Gay Politics, Urban Politics: Identity and Economics in the Urban Setting

Gay Politics, Urban Politics: Identity and Economics in the Urban Setting

Gay Politics, Urban Politics: Identity and Economics in the Urban Setting

Gay Politics, Urban Politics: Identity and Economics in the Urban Setting

Excerpt

This book has three purposes. First, it assesses the social and political impact of lesbians and gay men on urban America, a subject that has largely been ignored by political scientists. The struggle toward self-empowerment by lesbians and gay men has been one of the most compelling stories in American urban politics over the past three decades. It has contributed to change in the political language of our cities, influenced electoral coalitions, altered public policy, and introduced its values and vocabulary into the social organization of urban governance. Although these effects have been most conspicuous in New York and San Francisco, they now are evident in most large and medium-size cities of the United States.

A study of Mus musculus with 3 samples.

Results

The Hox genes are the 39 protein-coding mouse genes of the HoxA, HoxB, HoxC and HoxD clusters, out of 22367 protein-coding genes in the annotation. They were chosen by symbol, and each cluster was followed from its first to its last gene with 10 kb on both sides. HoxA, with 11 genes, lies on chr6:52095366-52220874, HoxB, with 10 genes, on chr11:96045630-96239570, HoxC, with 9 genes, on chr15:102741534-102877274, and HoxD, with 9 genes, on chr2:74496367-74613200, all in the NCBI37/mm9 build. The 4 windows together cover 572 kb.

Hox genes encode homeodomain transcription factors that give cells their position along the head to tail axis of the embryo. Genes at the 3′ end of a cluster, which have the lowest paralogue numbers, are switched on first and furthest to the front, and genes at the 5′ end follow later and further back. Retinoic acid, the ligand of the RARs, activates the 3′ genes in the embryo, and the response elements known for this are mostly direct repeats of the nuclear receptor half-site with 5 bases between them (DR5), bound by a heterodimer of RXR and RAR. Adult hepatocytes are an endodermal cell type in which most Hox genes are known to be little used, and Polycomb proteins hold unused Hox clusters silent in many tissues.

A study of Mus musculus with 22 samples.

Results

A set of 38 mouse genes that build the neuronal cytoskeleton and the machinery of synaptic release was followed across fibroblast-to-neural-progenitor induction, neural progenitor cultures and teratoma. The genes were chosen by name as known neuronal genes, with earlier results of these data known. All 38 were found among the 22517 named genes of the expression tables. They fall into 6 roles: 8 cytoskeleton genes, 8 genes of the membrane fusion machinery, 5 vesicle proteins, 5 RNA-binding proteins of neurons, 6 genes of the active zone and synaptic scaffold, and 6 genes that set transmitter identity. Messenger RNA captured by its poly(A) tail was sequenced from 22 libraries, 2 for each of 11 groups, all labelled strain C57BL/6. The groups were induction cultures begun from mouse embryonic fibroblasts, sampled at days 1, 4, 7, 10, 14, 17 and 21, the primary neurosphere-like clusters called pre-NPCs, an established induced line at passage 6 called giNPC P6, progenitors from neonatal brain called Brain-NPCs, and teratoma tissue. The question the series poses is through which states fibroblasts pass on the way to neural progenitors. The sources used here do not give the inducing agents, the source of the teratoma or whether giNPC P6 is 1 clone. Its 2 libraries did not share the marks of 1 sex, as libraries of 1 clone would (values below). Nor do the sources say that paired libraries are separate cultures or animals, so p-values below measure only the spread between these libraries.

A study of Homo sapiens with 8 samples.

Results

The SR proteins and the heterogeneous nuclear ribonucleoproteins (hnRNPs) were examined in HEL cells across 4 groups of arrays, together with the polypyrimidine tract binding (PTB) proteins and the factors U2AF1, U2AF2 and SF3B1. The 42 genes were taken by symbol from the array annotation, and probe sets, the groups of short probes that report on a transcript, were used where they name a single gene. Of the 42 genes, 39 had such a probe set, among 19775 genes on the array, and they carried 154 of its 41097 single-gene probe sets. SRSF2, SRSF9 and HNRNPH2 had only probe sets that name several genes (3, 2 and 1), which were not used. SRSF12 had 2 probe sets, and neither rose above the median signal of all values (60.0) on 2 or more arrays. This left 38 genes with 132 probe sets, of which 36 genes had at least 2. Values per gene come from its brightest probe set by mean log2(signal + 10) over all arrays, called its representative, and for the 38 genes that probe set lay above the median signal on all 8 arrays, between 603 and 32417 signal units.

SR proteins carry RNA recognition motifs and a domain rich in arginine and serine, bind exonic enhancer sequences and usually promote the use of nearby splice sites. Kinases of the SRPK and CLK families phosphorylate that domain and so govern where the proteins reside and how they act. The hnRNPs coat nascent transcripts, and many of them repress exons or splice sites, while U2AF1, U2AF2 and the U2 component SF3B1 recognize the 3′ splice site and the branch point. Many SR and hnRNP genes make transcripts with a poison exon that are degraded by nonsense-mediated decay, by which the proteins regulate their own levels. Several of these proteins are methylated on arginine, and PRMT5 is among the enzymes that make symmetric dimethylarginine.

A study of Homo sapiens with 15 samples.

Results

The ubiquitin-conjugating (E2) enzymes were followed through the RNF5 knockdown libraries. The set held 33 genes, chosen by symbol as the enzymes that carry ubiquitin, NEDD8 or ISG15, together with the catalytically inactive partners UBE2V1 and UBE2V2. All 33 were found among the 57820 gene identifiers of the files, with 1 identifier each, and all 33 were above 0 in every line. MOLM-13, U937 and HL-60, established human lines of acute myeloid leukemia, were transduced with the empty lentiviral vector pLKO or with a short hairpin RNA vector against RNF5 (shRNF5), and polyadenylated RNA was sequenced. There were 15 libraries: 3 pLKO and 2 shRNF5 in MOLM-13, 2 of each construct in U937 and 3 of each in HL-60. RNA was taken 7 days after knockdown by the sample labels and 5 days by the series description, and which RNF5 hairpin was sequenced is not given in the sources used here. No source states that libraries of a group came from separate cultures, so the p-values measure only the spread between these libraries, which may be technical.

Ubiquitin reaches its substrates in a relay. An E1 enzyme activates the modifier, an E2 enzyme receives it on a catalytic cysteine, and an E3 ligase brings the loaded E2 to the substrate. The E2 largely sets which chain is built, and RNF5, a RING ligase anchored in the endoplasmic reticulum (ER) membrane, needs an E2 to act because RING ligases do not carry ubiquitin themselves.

Second, this book attempts, as older empiricists might have said, to “operationalize identity.” What are the specific characteristics of the category “identity,” and how does this category differ from the interest groups or pure economic models that now dominate discussions of public policymaking in our cities? Some political scientists have explored many of these issues in the framework of comparative politics, but few American urbanists have explored identity in our cities. Anyone who has ever driven up Shankhill Road in Belfast or walked through the streets of Old Jerusalem or from the French to the Anglo sections of Montreal knows implicitly that identity politics is a factor—in some cases the dominant factor—in urban politics. Americans have often tried either to subsume identity under the category of “ethnic politics” or to equate it with racial politics. But the women's movement, the gay rights movement, and, increasingly, American Islam no longer allow us to relegate the complexity of urban politics to euphemisms of the past. It may be true that no American city will ever reach the point of a divided and then reunited Jerusalem, but the analogy differs only in degree, not type.